Today's News

  • We congratulate: A really big -- and good -- show

    Another successful Shelbyville Horse Show has finished its run, and by all accounts its 22nd edition may have been the biggest and best ever.

    Certainly large crowds turned out during the four days, despite sweltering heat, and the number of horses entered grew significantly, bringing in vans from as far away as Texas to compete against the best.

  • Some gaps of fear are just hard for us to bridge

    There was a woman with whom I once worked who had a phenomenal phobia about bridges, which, living in Florida as we did, was something not easily managed.

    She had a Golden Rule about bridges: Don’t go unto them, and they can’t do unto you. She would drive to great lengths to avoid a span of any size greater than, say, a 2-lane culvert-crosser.

  • Shelby’s fair focus: Its parks system

    For 110 years the Kentucky State Fair has been bringing in the top agricultural, equine, crafts and attractions that the commonwealth has to offer. Add to that some world-class entertainment and rides, and the fair is one of the biggest draws of the year for Kentucky.

    With more than 600,000 descending on the Kentucky Fair and Exposition Center starting Thursday and running through Aug. 28, the 11-day event will raise more than $13 million.

    And Shelby County will no doubt have its usual presence.

  • County decides to close old bridge

    Historic Who Da Thot It Bridge, shut down Monday for safety reasons, may now be closed to vehicle traffic forever.
    Magistrates voted Tuesday morning at the meeting of Shelby County Fiscal Court to call a public hearing to close the bridge after discussing the merits of trying to get the structure repaired or replaced.

    County Judge-Executive Rob Rothenburger said he got a call two weeks ago from state officials informing him that bridge inspectors judged the bridge was unsafe and that the county needed to either repair it, replace it or close it.

  • County will pave, service Trenton Court

    A housing development adjacent to the Hill ‘N Dale subdivision and in existence since 2005 will finally get its road paved, hopefully before winter sets in, county officials say.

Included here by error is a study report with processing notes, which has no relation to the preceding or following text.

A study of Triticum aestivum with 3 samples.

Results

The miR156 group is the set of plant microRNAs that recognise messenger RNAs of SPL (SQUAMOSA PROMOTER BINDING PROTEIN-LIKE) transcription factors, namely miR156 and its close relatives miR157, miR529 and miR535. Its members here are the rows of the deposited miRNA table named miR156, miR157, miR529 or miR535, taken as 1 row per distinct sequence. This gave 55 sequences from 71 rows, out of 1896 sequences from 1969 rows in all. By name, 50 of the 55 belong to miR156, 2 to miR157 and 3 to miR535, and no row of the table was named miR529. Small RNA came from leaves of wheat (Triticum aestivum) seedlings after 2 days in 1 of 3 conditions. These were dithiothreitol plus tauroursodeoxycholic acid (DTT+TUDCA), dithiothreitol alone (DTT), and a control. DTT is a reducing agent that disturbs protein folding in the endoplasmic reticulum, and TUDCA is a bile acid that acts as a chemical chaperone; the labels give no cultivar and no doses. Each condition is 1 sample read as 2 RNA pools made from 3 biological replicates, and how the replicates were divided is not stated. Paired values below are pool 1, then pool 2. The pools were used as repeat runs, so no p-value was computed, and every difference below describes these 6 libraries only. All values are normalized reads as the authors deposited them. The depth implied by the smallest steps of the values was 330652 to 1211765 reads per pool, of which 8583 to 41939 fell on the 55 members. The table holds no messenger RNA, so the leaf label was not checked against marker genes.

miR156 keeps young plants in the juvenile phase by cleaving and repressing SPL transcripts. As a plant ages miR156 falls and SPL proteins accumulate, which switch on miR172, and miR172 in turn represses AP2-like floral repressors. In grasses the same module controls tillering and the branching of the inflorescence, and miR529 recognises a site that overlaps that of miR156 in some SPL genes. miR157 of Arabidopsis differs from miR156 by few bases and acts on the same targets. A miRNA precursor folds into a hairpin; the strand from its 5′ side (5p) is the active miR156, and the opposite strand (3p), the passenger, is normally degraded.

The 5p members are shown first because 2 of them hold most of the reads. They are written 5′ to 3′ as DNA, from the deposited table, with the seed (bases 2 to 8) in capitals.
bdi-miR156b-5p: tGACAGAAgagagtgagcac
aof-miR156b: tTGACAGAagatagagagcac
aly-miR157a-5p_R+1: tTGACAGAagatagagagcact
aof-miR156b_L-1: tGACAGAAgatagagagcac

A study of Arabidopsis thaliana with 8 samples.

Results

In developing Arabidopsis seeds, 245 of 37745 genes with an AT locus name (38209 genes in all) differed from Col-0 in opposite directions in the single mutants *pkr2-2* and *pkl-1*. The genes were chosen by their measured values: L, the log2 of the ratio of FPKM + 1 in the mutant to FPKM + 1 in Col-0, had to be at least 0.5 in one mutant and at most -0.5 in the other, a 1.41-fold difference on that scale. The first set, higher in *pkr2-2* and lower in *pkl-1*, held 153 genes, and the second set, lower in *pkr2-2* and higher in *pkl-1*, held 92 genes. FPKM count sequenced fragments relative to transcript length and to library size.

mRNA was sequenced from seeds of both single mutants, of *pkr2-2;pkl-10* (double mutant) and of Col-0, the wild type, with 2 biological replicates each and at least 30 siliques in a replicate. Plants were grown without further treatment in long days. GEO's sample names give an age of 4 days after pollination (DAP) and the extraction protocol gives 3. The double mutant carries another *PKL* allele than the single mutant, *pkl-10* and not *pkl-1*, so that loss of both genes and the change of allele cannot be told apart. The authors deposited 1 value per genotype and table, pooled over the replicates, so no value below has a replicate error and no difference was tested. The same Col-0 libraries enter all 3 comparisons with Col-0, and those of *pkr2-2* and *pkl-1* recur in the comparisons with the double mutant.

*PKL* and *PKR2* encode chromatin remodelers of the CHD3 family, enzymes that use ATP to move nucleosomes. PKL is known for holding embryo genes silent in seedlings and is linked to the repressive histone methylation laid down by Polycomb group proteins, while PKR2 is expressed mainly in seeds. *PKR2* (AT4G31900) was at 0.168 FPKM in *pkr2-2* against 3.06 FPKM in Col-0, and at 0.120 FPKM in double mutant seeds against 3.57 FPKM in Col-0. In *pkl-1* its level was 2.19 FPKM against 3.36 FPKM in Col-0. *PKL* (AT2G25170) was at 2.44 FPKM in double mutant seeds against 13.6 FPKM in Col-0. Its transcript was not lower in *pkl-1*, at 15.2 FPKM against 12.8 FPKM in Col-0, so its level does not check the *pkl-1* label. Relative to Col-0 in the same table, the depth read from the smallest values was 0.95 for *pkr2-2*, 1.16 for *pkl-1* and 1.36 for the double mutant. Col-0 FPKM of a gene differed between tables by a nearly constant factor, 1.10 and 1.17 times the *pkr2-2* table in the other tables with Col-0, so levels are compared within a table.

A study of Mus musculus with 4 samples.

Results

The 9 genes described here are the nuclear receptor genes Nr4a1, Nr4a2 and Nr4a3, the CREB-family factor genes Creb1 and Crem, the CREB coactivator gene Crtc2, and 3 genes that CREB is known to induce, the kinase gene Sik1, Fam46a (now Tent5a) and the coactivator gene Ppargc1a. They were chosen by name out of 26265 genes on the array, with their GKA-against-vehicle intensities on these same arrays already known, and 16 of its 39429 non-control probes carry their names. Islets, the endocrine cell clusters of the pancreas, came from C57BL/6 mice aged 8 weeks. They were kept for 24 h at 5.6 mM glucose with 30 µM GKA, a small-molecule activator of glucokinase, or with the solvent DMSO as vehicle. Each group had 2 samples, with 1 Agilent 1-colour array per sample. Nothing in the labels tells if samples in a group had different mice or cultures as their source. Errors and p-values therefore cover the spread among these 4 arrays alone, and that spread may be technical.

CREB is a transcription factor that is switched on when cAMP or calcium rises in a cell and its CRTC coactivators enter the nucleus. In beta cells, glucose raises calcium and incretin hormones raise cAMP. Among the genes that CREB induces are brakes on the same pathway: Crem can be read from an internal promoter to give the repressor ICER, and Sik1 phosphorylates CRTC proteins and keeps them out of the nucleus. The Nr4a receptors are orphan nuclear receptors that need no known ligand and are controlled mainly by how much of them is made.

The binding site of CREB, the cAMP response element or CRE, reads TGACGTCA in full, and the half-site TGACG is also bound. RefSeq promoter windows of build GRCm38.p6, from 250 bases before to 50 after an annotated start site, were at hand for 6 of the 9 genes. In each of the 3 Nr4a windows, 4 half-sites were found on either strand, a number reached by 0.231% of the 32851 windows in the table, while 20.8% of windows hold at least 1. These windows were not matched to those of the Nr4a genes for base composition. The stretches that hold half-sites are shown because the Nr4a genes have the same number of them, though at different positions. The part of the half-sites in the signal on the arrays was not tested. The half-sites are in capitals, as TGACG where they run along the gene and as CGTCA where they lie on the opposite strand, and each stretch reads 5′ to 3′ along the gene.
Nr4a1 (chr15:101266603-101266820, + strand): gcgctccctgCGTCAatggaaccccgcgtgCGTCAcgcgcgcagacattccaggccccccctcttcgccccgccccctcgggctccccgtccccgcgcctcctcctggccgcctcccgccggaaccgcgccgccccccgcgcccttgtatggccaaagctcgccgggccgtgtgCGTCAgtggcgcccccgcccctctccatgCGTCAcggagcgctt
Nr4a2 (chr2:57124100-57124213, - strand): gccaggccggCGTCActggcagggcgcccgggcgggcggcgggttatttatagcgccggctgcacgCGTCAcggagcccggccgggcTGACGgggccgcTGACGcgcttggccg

The Shelby County Fiscal Court voted Tuesday to take Trenton Court into the county road system, which means the roadway would receive snow removal and other county services.

    Trenton Court, located off Hill N Dale Drive, must be paved first, however, a chore traditionally left to the developer.

  • Jury selection Thursday in penis amputation suit

    Jury selection is scheduled for Thursday in Shelby Circuit Court in  the trial of a Waddy man who is suing his surgeon for amputating his penis.

    Phillip Seaton sued Dr. John Patterson of Frankfort because Seaton says Patterson amputated his penis without his consent.

    The case was moved up by one day on the calendar during a pretrial hearing Aug. 3 before Shelby County Circuit Judge Charles Hickman, who asked for the earlier start date. Opening statements are expected to begin Monday, and the trial could take most of next week.

  • Riding life’s wave: Man with rare disease waterskis on his birthday

    Jacob Brewer was all wet on Saturday, but that was fine with him.

    His wish to spend his 21st birthday water skiing at Guist Creek Lake came off without a hitch, to the delight of his family, who accompanied him from Columbus, Ohio, where Jacob Brewer lives, and Metro Louisville on his special day.

    That day was even more special for Brewer than it is for most people.

  • Judicial Center set to open in late October

    Judges will have to wait a bit longer than anticipated to start pounding their gavels in the new Judicial Center.

    The last estimated completion date for the $18.4 million project had been Sept. 1, but officials now say an unexpected problem has arisen that bumps the opening of the facility to the latter part of October or even early November.

    “At a contractor’s meeting this week, engineers had a concern about the limestone [that will cover the front of the building],” Shelby County Judge Rob Rothenburger said.

  • Author tells stories about his stories

    “Do I model the characters in my stories after my relatives? Well, I can tell you that I can see my aunts and uncles in my characters, but they can’t see themselves,” said Gurney Norman at a presentation at the public library Thursday night.

    Norman, a well-known author, popular for his stories about Appalachia, spoke to a crowd of about 30 people who gathered to hear him speak in one of the library’s Spend An Evening With An Author series.

  • Library’s annual book sale fundraiser opens

    Whether you’re into science fiction, do-it-yourself projects around the house, or biographies of famous people, a book sale at the public library this week offers all these topics and many, many more, all at a discounted cost.